Redemption Project Helps Inmates Apply for Pardons Redemption Project Helps Inmates Apply for Pardons

Joint project needs attorneys willing to volunteer their time

RICHMOND-Qualifying for a conditional pardon doesn’t help if you don’t know how to file a petition. That’s a problem many Virginia inmates face right now. They don’t know the right paperwork to file and can’t afford a lawyer to do it for them. That’s where the Virginia Redemption Project steps in. 

The VRP is a joint operation, a partnership between the National Association of Criminal Defense Lawyers (NACDL), the Virginia Association of Criminal Defense Lawyers (VACDL), the ACLU of Virginia, FAMM, Justice Forward Virginia, and the Legal Aid Justice Center. It recruits, trains and offers resources to pro bono attorneys assisting inmates with their petitions. Right now, the group has a specific focus when it comes to potential candidates. 

“The Virginia Redemption Project currently focuses on those prisoners who are most at risk for complications from contracting COVID-19 based on a variety of risk factors,” said Steven Logan, project manager for NACDL’s State Clemency Project. .

Eligible prisoners submit their appeals directly to the Governor’s Office, which grants conditional pardons if their petitions are accepted. Individuals granted such a pardon may have their active term of incarceration reduced and must follow specific terms and conditions. If those conditions are violated, the inmate goes back to jail.

Also, to be clear, the offer is only open to anyone currently serving a Virginia state sentence for non-capital offenses. This is also different from the Department of Correction’s (DOC) early release program. The DOC version is only open to prisoners who have one year or less left on their sentences. Also, it’s only in effect during Virginia’s current state of emergency.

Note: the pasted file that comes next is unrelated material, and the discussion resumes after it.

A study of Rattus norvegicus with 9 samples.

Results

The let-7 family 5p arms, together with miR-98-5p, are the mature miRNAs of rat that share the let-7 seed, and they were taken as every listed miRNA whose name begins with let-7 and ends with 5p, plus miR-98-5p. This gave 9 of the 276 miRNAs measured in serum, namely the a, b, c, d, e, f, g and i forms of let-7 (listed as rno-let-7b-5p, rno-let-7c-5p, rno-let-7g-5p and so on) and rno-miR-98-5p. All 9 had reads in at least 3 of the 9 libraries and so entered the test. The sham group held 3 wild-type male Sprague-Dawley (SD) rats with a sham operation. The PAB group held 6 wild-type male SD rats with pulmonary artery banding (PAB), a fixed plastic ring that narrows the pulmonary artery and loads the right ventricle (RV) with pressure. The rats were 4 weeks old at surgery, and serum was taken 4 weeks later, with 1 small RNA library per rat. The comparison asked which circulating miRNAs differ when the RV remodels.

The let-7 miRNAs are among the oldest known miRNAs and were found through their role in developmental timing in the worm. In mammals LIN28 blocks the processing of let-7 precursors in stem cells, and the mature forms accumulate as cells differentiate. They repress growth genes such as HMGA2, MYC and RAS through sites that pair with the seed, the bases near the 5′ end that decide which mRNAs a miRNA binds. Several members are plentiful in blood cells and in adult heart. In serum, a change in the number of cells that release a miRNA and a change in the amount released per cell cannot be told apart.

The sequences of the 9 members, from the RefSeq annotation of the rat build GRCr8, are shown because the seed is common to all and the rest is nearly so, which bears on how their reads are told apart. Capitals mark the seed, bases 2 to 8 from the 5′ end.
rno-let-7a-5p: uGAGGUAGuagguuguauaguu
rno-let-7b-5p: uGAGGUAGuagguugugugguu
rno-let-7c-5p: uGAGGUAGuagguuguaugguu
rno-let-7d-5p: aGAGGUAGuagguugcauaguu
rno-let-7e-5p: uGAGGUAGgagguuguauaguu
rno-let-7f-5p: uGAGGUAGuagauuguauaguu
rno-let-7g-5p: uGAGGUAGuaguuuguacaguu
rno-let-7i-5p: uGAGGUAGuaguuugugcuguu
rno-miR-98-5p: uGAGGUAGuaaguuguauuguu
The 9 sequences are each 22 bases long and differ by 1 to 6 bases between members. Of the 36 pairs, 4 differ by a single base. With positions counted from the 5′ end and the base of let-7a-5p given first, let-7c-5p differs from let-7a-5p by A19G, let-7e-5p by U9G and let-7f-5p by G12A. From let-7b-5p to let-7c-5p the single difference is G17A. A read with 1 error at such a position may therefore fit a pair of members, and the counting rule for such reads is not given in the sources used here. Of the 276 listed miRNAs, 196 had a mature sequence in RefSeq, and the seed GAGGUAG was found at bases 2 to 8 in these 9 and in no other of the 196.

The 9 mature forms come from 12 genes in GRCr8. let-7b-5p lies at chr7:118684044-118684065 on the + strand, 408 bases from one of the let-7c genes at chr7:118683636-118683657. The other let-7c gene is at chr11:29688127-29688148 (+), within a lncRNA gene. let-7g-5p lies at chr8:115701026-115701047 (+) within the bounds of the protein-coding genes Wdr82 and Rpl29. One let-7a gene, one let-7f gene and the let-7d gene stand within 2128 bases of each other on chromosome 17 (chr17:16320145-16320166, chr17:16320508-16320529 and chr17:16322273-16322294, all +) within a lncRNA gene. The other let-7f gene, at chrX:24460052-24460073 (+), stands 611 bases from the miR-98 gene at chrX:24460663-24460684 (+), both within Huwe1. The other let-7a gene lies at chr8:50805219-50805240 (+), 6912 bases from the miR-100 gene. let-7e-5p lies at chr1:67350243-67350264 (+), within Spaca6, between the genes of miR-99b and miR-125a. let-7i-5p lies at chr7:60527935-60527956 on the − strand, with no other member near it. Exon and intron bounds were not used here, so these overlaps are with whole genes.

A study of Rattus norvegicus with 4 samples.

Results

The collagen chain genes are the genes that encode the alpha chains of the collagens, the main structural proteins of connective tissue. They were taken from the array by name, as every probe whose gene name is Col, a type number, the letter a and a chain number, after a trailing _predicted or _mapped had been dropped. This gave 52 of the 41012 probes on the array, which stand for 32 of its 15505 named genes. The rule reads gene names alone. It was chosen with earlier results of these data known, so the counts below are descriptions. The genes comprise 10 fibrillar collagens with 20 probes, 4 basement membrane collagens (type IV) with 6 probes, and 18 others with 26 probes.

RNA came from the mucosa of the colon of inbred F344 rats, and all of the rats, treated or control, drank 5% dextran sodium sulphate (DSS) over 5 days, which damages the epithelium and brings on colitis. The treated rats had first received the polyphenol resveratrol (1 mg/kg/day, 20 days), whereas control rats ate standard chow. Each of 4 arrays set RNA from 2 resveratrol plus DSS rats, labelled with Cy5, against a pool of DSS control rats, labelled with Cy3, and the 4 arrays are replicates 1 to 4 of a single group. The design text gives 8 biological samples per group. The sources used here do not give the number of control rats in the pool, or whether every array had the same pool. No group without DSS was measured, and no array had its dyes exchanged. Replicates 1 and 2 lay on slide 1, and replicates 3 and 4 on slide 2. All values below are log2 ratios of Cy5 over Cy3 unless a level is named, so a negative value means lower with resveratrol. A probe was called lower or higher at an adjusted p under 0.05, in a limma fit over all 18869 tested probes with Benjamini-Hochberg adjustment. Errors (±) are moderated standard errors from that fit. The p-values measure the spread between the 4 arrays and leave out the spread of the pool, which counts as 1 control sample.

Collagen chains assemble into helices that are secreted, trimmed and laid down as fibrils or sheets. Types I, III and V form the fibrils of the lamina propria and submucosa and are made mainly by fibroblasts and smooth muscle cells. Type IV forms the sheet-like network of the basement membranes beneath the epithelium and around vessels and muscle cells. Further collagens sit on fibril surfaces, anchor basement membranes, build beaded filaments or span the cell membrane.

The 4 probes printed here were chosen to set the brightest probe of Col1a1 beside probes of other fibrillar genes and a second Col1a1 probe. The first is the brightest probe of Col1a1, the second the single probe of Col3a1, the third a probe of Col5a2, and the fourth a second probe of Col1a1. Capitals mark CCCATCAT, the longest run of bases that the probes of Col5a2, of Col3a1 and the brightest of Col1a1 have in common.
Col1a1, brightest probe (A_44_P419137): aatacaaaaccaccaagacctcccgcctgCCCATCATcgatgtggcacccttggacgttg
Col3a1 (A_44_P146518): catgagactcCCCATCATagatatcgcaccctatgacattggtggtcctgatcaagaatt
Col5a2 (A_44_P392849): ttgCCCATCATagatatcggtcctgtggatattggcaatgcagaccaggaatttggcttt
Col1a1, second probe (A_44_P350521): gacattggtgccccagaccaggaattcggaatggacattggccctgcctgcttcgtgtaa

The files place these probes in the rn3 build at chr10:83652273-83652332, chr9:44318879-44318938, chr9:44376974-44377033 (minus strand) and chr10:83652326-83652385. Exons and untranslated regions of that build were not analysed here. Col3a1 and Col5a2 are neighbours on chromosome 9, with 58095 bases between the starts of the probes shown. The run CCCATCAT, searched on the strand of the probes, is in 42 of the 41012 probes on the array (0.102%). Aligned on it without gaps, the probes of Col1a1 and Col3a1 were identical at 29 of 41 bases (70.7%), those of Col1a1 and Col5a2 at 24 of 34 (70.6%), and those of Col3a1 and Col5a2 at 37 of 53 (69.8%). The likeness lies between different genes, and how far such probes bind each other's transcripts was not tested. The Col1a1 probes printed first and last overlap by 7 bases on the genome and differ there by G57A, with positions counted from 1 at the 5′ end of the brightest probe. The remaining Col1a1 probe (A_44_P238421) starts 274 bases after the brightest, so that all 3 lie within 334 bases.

Each petition is individually managed 

With the VRP, there’s no set timeline from application to release. It varies from case to case. 

“Our timeline is up to the Governor,” Logan said. “Each vulnerable prisoner must individually petition Governor Northam’s office directly and the decision he or she receives carries specific conditions based on that prisoner’s situation. The timeline for each applicant is up to the Governor based on the circumstances and complexity of the individual petition.”

Katherine Jensen, NACDL Virginia Redemption Project Resource Counsel, says there are many moving parts to each petition. Her role in this project includes creating and managing a clearinghouse of shared resources to support the pro bono attorneys. 

“We collect and disseminate information and resources including enlisting the services and support of legal paraprofessionals, social workers, physicians and health care workers,” Jensen said. “These professionals provide a variety of support and information ranging from assistance in relocating and resettling the petitioners, to reading and interpreting their medical records, finding them employment, and reintegrating them into society.”  

She acknowledged some valuable lessons have already been gleaned from the models of similar programs in other states.

“The Virginia Redemption Project is benefitting from other states’ experiences with earlier programs in terms of how to handle processes, expectations and resources,” she explained. “For example, we can provide our participating attorneys with resources like sample letters and language guidance on how to craft the necessary documents for each petitioner.” 

For more information about the project and to learn more about volunteering, visit nacdlmobilize.org or email: VAredemptionproject@nacdl.org.

Jackie Fishman is a freelance reporter for Dogwood.